Row over Fashion Week on Yom Kippur
A leading fashion editor has criticised the British Fashion Council for the scheduling of some 20 catwalk shows on Yom Kippur, declaring that she will not attend a key event because it coincides with the end of the fast.
Suzy Menkes, influential fashion director of the Paris-based International Herald Tribune, said: “I am sad that the British Fashion Council ignores entirely the importance of Yom Kippur to the many Jewish people who are involved in the fashion trade.”
Her comments followed the release today (July 15) of the provisional schedules for London Fashion Week, which runs from September 17 to 22. LFW incorporates both an exhibition and six days of catwalk shows. In previous years, because of pressure on the calendar from the show schedules of the other major fashion capitals, Paris, Milan and New York, LFW has spilled across Rosh Hashanah and Yom Kippur, but key collections have never been shown on the first day of the New Year or Yom Kippur.
Designers showing on Yom Kippur include House of Holland, John Rocha, Charles Anastase and the directional Fashion Fringe event where the work of new, young designers is unveiled.
Ms Menkes added: “I am especially shocked that the Fashion Fringe event is scheduled for the time of the breaking of the Fast. I myself will not be attending the shows on Yom Kippur. The International Herald Tribune will try its best to cover collections on that day. But why should Jewish people have to make this personal decision, which will no doubt turn into a public tabloid debate?”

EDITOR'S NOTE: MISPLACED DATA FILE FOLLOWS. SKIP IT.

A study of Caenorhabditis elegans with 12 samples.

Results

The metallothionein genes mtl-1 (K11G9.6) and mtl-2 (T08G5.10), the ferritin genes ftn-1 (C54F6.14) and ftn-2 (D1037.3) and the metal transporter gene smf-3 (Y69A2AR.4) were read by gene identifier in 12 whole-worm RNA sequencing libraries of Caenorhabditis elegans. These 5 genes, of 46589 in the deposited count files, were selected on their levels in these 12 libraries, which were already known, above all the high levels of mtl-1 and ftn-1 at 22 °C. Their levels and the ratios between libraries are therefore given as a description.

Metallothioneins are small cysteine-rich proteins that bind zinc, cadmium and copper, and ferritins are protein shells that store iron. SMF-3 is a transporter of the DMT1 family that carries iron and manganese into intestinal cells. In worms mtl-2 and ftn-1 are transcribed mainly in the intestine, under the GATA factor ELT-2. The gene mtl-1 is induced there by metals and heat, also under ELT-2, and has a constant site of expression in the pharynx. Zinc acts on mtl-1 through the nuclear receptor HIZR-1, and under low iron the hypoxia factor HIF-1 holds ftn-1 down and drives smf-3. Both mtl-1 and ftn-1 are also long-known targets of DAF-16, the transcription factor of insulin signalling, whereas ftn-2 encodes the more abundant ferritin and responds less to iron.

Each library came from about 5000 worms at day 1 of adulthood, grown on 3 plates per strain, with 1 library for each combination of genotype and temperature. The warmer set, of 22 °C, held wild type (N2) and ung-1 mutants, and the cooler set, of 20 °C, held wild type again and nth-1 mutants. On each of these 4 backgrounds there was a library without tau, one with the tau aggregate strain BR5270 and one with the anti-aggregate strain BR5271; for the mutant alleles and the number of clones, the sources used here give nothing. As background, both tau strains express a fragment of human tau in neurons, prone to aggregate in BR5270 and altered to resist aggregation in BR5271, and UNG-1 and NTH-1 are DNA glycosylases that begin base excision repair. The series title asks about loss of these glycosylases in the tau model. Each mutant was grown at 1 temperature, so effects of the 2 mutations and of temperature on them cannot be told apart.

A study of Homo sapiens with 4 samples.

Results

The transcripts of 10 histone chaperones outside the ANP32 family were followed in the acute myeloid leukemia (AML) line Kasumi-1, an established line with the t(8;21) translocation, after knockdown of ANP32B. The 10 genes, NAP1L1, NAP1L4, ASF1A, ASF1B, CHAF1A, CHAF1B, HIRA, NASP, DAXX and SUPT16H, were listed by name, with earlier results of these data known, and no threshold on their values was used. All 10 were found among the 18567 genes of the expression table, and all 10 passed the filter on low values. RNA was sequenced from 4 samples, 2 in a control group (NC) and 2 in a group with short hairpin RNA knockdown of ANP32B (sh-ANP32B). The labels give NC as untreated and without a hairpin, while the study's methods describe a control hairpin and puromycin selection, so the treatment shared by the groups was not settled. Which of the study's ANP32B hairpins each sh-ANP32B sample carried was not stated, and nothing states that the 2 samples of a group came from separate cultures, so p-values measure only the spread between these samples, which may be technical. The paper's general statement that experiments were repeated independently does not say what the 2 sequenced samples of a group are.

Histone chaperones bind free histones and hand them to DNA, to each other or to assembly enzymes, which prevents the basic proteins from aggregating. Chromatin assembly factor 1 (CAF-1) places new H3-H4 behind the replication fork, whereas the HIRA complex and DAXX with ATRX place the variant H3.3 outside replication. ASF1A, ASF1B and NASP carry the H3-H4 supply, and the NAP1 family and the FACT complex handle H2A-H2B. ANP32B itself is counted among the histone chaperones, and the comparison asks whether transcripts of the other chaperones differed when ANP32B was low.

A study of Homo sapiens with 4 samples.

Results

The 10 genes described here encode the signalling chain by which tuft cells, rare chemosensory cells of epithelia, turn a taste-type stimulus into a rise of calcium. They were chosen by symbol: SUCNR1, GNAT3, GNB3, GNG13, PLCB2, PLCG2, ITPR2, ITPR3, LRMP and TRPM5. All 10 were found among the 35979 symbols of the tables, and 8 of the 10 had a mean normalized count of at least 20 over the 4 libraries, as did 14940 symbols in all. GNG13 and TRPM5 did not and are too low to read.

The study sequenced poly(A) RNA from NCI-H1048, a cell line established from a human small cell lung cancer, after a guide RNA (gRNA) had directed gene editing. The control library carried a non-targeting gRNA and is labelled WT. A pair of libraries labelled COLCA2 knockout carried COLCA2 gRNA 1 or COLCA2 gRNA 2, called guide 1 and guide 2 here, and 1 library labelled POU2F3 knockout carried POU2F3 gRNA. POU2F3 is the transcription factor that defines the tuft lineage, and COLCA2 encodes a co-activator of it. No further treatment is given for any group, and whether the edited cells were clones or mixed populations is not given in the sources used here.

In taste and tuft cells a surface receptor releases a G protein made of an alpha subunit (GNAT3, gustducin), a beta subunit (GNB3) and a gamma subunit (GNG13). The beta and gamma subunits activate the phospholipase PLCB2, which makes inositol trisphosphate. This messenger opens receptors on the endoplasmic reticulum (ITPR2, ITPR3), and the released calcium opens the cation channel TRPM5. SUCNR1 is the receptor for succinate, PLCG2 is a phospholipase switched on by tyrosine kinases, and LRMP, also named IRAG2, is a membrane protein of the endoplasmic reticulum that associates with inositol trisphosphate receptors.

Ms Menkes also noted that in her “three decades in fashion I have never known a show in any part of the world to be scheduled on Easter Sunday or Monday.”
Lisa Armstrong, fashion editor of the Times, said:“It's a real shame, as there are some good shows on the 18th and some designers may miss out.
"But with London being squeezed so tightly at both ends by New York and Milan it would be unrealistic to expect it to miss out a day of shows.
"The upside is the internet - editors and buyers who skip the Saturday for religious reasons can catch it all online and see it up close in the showrooms."
A spokesperson for the British Fashion Council said “Yom Kippur, along with Rosh Hashanah, falls each year during either New York, London, Milan or Paris fashion week. It is unfortunate that there is always a clash and it is London's turn this year.
“We have a very short window of opportunity to promote our designers during the dates we are allocated, which are fixed as part of an international framework. Whilst we realize this is very unfortunate, anyone in the industry will know we have more designers than ever before that need to be accommodated on the catwalk schedule to allow us to champion the incredible creative talent that we have here in London.”